Because this is such an important issue that Americans are being deceived about day after day, I felt it was important to share with you this scene from DNC Chairman, A Scripted Novel, that is not going to be in the movie, Gerri. These fictional events, based on reality, take place in 2008 just before the crash:
George: The voters there are upset over big property tax hikes. They don’t like any talk of taxes of any kind even if it’s taxes of a different kind. They just hear the word taxes and they want to run. There’s a lot of financial insecurity but to them government spells either financial—added financial burden in the form of taxes or tax relief.
Patty: Maybe you should tone down your rhetoric about taxes.
Gerri: What? How would Mike feel hearing you compromise like this?
Patty: Mike’s not here. Are you sure you want to risk getting all idealistic about helping one another out when it could cost us the largest block of undecided—and easiest to win—electoral votes?
Gerri: You see, that’s the kind of calculating thinking that got me in trouble before. Let me just state my case honestly and succinctly. We’ve gained through the way I’ve been talking more than before.
Patty: Yeah, but a lot of it’s the sympathy vote based on Mike getting into this accident. They feel sorry for you. Especially after the thing with John. It’s like a steamroller of events that make people feel sympathetic. It’s not necessarily the way you’re talking.
Gerri: Good. I like that. I like that you’re taking the initiative and thinking things through. I still want to be very careful about giving up on talking honestly about what I think really matters most to all Americans. You see, I understand what makes people go nuts in these places like New Jersey and Colorado about taxes. Even though the other things are hurting them a lot more in most cases, they think they’re free because they’re making the choice to purchase these items. They don’t think they’re making the choice about taxes and they don’t think it benefits them. They think it goes to someone else. That’s the middle class lament. The reality is, however, that taxes, when spent properly, the way I intend to spend them, they benefit everybody because more money on education means less crime which means less taxes to build prisons and feed the prisoners. Instead, these people can be self-sufficient, being part of the economy. I understand them feeling that the voting booth is the only time they have the choice over this money, and that’s true—once the votes are cast, they have no choice until there’s a new Congress or a new President. But are they really free about the money they’re spending on energy, in the form of gas at the pump, the cost of heating a home? Are they really free about the amount of money they have to spend each month to either keep up a home or pay to stay in an apartment? Even their communications bill, their phone and internet service, has become such a vital part of how we live today. How can you say you really have a choice? In a truly competitive market—which America has not been since competition was deregulated during the 1980s—there is enough flexibility to give the buyer as much freedom as possible. But even in that situation, he or she still has to face the fact that they’re going to have a set amount of expenses each month that they have no control over. In today’s America, they have absolutely no control of the money the private sector takes from them while the private sector has all the control. If they realized that, then they wouldn’t get all jittery about the word taxes. They’d realize that the real taxes and burdens they’re being strapped with are from the Republican private sector.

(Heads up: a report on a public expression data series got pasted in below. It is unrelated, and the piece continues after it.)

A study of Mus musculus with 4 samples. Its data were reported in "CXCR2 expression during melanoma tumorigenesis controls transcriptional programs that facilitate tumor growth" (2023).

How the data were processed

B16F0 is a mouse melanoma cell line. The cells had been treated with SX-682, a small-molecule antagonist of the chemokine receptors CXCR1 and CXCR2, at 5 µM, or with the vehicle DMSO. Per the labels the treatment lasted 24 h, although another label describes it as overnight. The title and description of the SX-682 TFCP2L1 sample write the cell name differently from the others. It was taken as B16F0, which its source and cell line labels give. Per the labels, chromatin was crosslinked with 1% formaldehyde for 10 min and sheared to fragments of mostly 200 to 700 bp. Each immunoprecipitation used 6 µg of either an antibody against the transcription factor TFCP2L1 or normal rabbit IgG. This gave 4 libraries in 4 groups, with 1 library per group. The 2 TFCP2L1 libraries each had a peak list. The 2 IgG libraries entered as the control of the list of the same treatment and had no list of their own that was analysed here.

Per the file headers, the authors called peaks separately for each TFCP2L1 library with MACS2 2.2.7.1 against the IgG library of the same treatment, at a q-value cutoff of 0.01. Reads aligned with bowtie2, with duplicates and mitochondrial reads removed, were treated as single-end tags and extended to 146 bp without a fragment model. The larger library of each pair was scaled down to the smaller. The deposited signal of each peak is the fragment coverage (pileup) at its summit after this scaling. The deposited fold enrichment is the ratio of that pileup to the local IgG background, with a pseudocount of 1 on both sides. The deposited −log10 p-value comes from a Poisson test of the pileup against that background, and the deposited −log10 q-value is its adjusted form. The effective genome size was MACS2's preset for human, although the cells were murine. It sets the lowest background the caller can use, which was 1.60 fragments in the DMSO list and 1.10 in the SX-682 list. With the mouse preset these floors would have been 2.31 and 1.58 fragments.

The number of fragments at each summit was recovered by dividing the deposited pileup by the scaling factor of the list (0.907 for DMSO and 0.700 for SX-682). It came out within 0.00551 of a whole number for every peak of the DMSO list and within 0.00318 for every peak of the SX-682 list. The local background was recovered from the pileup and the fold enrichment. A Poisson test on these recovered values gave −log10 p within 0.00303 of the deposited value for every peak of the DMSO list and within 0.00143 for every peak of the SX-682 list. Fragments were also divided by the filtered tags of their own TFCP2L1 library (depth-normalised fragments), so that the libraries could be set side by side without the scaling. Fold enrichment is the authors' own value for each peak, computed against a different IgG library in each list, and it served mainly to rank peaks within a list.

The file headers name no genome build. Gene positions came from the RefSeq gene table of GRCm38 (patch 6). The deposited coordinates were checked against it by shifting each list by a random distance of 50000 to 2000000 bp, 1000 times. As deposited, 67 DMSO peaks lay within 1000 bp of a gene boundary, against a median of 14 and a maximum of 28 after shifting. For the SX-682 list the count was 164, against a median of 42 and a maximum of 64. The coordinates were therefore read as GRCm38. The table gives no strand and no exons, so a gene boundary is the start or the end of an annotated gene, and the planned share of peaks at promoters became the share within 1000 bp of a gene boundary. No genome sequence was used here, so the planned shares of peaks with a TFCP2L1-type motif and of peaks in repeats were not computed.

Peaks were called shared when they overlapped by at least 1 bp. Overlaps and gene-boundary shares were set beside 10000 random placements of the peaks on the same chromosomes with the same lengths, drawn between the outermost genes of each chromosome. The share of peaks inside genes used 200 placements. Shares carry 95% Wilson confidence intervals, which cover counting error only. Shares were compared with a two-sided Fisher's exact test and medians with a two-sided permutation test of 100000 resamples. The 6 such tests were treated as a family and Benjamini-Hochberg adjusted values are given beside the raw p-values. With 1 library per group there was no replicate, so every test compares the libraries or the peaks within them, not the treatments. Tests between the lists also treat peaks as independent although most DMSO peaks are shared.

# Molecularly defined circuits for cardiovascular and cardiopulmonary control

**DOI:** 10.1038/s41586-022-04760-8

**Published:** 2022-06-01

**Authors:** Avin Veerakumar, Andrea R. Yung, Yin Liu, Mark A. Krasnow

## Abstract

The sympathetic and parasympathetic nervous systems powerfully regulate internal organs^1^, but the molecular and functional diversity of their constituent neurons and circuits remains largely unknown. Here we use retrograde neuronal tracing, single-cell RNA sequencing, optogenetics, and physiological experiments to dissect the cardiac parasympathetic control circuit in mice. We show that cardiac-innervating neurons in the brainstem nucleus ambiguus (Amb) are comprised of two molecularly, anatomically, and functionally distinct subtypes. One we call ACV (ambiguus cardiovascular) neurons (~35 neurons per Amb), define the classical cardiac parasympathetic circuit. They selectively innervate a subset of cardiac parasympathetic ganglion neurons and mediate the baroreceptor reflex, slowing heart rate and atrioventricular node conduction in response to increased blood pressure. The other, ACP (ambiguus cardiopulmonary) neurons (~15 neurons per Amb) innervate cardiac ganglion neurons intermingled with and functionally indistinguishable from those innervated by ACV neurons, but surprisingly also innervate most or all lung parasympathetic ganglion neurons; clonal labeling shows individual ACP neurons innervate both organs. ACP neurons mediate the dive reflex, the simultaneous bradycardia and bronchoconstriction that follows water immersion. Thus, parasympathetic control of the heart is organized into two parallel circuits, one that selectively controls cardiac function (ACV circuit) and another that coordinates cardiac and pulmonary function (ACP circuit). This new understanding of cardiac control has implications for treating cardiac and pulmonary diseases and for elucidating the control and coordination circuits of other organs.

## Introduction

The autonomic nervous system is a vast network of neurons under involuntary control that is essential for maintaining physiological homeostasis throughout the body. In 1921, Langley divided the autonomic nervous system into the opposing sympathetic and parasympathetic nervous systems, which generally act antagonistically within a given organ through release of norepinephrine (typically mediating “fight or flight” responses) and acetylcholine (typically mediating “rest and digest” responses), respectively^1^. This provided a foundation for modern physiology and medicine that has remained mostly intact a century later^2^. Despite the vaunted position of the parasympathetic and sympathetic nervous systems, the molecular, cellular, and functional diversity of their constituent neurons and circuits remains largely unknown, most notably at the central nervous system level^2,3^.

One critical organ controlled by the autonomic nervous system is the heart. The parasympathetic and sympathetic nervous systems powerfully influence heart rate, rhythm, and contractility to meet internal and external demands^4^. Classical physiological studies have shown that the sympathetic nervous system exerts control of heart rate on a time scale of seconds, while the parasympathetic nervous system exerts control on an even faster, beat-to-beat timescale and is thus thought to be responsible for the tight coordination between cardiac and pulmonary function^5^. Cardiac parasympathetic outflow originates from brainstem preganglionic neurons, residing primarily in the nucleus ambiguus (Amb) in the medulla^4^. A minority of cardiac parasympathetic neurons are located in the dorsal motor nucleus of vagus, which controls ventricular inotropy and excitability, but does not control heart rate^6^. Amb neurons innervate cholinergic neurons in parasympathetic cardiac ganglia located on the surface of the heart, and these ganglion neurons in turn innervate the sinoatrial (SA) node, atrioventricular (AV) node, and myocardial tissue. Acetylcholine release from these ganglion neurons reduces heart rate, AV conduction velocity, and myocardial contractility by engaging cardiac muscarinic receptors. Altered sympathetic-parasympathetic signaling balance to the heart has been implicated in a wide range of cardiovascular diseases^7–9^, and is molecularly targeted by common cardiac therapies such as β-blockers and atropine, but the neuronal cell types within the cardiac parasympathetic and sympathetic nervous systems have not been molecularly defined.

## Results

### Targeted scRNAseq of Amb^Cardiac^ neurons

George: Well, anyway, most voters don’t think like that and that’s why you’re in trouble in places like New Jersey, Colorado, Wisconsin…
George: That’s the beer capital of America. That prattling on you did about taxing alcohol and placing stiff penalties on drinking and driving didn’t go over well with the folks at Anheuser-Busch.